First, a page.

A12-1 in flight circa 1939. By this time the aircraft had been fitted with navigation lights and underwing flares for night landings. Note also the underwing bomb racks.
In 1939 there were only three Bulldogs surviving in RAAF service and photographer Kip Porteous wanted to preserve the breed on film. A fine study of A12-1.
Bulldog magic. A12-1 tail chases the photo-ship, 1939.
Note coloured wheel covers and spinners in this line-up. A12-2 in centre.
Brian Walker in full period flying gear plays the intrepid airman for his sister. A12-7 has navigation lights, flare brackets and wireless aerial fitted.
Sequence showing the recovery of A12-7 following its forced landing on the Nullarbor Plain. Rolling up on to railway bogies...
Formation take-off. Note the rudder streamer on the lead aircraft.
Successful team, three section cars, the crew and the Bulldog.
The Bulldog was a favourite at air displays, travelling all over Australia to show the taxpayers that they had an airforce. It was not considered unusual for RAAF aircraft to enter air races. A DH Moth comes into land over the Bulldog in which F/O C Henry achieved 185mph to win the 1931 Aerial Derby.
Inspection of RAAF aircraft was a weekly affair. If the machines were not up to scratch, weekend leave would be cancelled.
Laverton aerodrome circa 1939. Behind the Avro Ansons can be seen Supermarine Seagull V amphibians, the sole Miles Magister purchased for the RAAF, Bulldogs, a Moth and Demon.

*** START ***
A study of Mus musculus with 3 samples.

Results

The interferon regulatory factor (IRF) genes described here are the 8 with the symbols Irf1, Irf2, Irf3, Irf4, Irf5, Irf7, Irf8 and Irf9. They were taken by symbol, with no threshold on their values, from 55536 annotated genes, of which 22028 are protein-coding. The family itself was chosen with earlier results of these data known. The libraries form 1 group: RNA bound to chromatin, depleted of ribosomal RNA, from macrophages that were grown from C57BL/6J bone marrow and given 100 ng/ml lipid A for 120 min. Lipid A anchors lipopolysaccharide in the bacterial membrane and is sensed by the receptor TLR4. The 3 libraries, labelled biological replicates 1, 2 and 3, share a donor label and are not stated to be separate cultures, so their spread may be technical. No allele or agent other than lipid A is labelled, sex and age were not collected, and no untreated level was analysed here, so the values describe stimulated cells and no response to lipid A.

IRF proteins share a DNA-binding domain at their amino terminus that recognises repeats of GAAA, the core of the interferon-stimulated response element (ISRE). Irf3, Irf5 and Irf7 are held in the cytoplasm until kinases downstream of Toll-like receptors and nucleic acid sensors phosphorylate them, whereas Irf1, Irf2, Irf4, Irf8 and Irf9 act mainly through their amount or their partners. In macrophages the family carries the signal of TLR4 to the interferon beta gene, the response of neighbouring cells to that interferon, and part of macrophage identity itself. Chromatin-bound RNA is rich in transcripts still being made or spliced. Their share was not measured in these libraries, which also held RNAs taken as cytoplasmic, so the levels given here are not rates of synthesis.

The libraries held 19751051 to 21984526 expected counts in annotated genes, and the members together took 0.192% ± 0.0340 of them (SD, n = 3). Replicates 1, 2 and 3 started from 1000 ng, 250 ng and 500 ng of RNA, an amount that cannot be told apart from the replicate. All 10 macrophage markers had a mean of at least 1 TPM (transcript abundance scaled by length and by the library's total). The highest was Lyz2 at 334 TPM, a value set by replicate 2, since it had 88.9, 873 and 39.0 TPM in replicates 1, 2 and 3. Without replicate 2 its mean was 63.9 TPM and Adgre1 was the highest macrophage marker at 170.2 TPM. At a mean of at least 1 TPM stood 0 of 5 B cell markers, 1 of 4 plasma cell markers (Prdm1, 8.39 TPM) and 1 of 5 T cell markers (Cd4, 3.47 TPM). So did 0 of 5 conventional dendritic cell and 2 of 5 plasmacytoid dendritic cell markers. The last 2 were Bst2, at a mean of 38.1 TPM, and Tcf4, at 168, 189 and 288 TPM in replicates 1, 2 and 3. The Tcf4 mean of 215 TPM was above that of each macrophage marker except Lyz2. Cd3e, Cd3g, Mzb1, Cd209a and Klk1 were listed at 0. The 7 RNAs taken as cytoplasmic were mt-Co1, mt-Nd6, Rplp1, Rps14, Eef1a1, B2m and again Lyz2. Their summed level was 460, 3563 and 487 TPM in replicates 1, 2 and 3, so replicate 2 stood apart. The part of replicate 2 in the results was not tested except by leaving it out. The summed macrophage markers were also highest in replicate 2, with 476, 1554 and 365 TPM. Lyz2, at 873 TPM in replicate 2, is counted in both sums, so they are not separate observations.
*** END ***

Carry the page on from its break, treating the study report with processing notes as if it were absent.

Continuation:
Paddy Heffernan in the cockpit of a Bulldog.
The Bulldog was built of ribbon steels worked into suitable corrugated sections. One RAAF aircraftsman recalled that they had been reconditioned so many times that hardly any of the original structure remained.
A precarious way to travel...
The aerobatic qualities of the Bulldog were well appreciated by the lucky pilots who got to fly the type. A12-6 carries a streamer on its rudder.
The RAAF used the Jupiter VI radial in its Bulldogs as it was faster below 8,000ft (2,440m) than the VII as fitted to RAF examples.
With painted spinner and wheel discs, this Bulldog also shows the unauthorised eagle badge of the un-numbered Fighter Flight at Point Cook on the forward cowl.
Camera gun mounted above the centre section is obvious in this illustration. Bulldogs were purchased to keep the combat capabilities of the RAAF intact. They were the only single-seat fighters in service in the RAAF when Australia declared war on Germany in 1939.
Unknown Bulldog in very bent condition. From the shadows in the foreground it is evident that the incident has attracted a lot of attention. RAAF reports often only refer to d ‘casualty’ which could have been anything from a scraped wingtip to the amount of damage shown here.
The end of A12-7 after Eric Read crashed during a Met flight on December 14,1936.